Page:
Flash back to April 2014: Carol Johnson, The Daily Telegraph’s Director of Service Delivery, was facing a seemingly impossible task.
A few years prior, The Daily Telegraph outsourced all internal support operations to an external vendor. But the relationship with the vendor was failing. Service level agreements were met, but customer satisfaction with IT plummeted. The Daily Telegraph employees were unhappy because problems weren’t fully resolved.
It was crucial that Carol and her team provide great service to The Daily Telegraph’s 1,000+ employees. Over 3M readers get the news from The Daily Telegraph and the IT team is front and center in ensuring the paper and online properties publish without incident.
Carol and her team were tasked with a game-changing mission: bring service delivery back in-house and do it within three months.
Enter the agile manifesto
It wasn’t about tools. It was about going agile. So they decided to do something a little revolutionary: apply the same agile principles their software development teams use to their service delivery teams.
Carol turned to the agile manifesto’s principles and applied them during their set up of JIRA Service Desk (which was a natural choice for tooling since their development teams already used JIRA and Confluence). Going agile isn’t a just best practice; it’s a methodology that creates an atmosphere of lean ITSM and devops processes.
By going agile, The Daily Telegraph’s IT team met their three-month deadline, and ultimately succeeded in completing the mission. By the time you finish reading this, you will also have learned about their exceptional results in customer satisfaction.
How’d they do it? Let’s dive in.
#1: Individuals and interactions over processes and tools
Each day, Carol and her team conduct a face to face stand-up covering what they did, what they’ll be doing that day, and any blockers they have. By taking the five minutes to chat on a daily basis, the team could help each other immediately if there are any blockers.
Simply put, stand-ups work.
Daily stand-ups not only improve collaboration, but also strengthen team bonds. Team members are in the loop, engaged, and ready to tackle challenges together. In other words, problems get solved.
#2: Working software over comprehensive documentation
Instead of building out a “request for proposal” thousands of pages long, Carol and crew decided to work directly with customers to build a minimum viable product (MVP). There was no time to mess around on a project that turned out to be useless for everyone involved, so they listened to customers and responded quickly to their feedback and requests.
Their first MVP needed some pretty specific things:
- Customer portal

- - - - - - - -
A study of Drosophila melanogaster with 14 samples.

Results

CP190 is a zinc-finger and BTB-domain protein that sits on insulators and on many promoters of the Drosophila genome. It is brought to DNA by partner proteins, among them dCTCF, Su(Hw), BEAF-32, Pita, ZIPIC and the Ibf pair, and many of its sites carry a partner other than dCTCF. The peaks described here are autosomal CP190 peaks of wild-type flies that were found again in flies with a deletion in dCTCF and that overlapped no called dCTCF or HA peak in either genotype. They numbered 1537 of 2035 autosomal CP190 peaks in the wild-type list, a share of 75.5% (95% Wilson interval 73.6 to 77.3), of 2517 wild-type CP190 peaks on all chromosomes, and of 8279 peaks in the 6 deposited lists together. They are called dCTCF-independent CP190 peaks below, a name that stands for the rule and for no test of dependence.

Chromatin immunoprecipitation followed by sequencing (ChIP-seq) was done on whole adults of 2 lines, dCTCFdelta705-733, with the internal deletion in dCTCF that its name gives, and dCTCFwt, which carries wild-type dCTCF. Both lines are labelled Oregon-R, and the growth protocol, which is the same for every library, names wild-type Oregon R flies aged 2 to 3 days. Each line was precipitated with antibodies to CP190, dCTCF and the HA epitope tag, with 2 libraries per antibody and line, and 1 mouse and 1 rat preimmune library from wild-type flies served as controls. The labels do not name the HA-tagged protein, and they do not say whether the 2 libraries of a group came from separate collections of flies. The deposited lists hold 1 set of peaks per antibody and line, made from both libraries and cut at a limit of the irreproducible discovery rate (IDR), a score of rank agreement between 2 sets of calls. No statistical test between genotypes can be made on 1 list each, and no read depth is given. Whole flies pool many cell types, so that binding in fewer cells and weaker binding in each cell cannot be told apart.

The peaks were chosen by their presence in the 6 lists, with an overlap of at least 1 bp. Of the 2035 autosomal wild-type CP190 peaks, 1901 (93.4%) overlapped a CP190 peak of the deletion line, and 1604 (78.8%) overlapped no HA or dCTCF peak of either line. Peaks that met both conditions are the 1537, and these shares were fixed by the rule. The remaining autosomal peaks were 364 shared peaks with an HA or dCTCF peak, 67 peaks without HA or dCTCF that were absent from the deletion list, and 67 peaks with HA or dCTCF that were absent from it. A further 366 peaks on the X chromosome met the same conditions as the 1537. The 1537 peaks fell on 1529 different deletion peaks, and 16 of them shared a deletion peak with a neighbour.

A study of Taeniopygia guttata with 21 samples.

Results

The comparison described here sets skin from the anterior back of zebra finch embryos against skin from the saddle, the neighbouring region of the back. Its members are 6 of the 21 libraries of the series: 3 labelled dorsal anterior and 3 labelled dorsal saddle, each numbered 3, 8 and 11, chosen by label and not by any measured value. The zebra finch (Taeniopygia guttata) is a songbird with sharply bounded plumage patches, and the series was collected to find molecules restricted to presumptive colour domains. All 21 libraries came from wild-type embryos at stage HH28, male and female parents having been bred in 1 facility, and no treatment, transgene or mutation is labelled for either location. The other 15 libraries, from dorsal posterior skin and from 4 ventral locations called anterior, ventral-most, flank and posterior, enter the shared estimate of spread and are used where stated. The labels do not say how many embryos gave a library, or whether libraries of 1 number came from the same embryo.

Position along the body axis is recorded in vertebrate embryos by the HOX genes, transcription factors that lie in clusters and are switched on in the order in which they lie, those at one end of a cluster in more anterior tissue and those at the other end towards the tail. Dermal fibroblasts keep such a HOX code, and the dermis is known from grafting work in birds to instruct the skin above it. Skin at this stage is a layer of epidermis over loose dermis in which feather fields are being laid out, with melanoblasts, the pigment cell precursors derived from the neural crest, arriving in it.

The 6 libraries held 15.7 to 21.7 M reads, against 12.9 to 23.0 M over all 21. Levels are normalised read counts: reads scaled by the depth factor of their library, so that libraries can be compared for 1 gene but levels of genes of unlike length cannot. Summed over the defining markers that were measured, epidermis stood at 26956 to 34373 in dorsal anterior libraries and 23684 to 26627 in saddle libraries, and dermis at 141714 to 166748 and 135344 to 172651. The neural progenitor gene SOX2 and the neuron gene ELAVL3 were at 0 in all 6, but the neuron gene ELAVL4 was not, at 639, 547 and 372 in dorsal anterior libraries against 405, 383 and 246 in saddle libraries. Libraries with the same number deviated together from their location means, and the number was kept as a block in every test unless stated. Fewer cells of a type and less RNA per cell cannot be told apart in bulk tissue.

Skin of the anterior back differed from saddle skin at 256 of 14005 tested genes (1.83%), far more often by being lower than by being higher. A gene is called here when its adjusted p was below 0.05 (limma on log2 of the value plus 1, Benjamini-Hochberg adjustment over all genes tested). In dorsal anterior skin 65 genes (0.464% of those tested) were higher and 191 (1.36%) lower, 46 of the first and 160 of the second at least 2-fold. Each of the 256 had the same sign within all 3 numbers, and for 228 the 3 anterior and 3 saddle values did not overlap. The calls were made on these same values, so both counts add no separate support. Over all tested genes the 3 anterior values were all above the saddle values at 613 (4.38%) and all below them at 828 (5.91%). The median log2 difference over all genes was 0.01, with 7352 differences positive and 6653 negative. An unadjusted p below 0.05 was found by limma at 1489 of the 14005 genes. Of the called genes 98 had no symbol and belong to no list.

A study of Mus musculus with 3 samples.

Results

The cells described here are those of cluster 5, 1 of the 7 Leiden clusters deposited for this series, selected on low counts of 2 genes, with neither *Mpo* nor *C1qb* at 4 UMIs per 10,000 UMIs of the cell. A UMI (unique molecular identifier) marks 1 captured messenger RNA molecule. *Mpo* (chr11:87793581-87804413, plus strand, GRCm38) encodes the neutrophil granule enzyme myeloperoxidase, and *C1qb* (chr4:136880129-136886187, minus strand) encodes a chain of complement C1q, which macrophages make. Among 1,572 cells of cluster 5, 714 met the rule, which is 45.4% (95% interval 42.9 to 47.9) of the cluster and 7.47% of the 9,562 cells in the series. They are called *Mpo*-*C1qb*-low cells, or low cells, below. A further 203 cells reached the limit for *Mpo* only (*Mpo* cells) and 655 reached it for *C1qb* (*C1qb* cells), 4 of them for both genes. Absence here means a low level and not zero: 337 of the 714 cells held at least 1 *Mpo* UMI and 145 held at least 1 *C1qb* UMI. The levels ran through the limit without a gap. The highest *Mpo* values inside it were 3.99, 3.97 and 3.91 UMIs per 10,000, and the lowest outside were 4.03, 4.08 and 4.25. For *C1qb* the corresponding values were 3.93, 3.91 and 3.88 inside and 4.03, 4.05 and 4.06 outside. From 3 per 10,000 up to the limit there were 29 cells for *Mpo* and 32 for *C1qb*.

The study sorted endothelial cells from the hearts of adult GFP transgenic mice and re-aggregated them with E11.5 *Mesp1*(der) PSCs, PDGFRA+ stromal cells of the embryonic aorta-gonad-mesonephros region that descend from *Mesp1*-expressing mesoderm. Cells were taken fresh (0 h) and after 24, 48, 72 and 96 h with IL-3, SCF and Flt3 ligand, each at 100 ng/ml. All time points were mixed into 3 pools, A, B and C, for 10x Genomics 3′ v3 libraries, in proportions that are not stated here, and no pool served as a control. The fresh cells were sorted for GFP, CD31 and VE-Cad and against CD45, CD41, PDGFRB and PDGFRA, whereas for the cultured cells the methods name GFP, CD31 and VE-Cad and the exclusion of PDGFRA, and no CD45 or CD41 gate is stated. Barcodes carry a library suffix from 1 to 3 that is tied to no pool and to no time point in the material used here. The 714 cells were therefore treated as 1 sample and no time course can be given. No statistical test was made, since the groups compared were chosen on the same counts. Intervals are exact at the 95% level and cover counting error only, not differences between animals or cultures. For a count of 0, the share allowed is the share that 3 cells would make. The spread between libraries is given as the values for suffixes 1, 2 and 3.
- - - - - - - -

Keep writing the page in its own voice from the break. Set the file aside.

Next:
- Knowledge base articles for the top five most common issues (password reset, etc.)
After setting it up, they introduced an MVP to The Daily Telegraph’s 1,000+ employees within three months.
#3: Customer collaboration over negotiation
Because customer satisfaction was the highest priority, Carol and her team wanted every interaction to count. They wanted to make sure problems were solved – not just symptoms diagnosed. And for their part, customers didn’t want to wait on IT. They wanted to help themselves and get answers fast.
They established a killer self-service library, allowing customers to find the answers to some of the most common requests like the all-too-familiar password reset.
Since Carol and her team were racing against the clock, they had to make moves that mattered – delivering value on day one was everything. Investing in a knowledge base library that empowered their customers saved her team a lot of time.
#4: Responding to change over following a plan
As with a lot of things worth doing, it didn’t go strictly according to plan. But that’s ok. Infused with the spirit of the agile manifesto, The Daily Telegraph’s IT team were open to changing requirements or customer requests. For example, they changed the language of service requests to make them more easily accessible to non-IT or technical employees at The Daily Telegraph. Their willingness to flex on simple issues like verbiage increased customer satisfaction all the more. And the proof, as they say, is in the pudding.
After setting up their new service desk, The Daily Telegraph’s service delivery team saw a 140% increase in customer satisfaction and a 66% reduction in resolution time.
Want to learn more or ask questions? Join us for our next webinar December 3rd at 11 AM PST, 11 AM Europe (CET), or 11 AM Australia (AEST). Carol will walk through how her team made the changes, what they learned, and what their vision for the future of The Daily Telegraph is.
P.S. Want to learn more about how The Daily Telegraph uses JIRA Service Desk? Checkout this 2min video.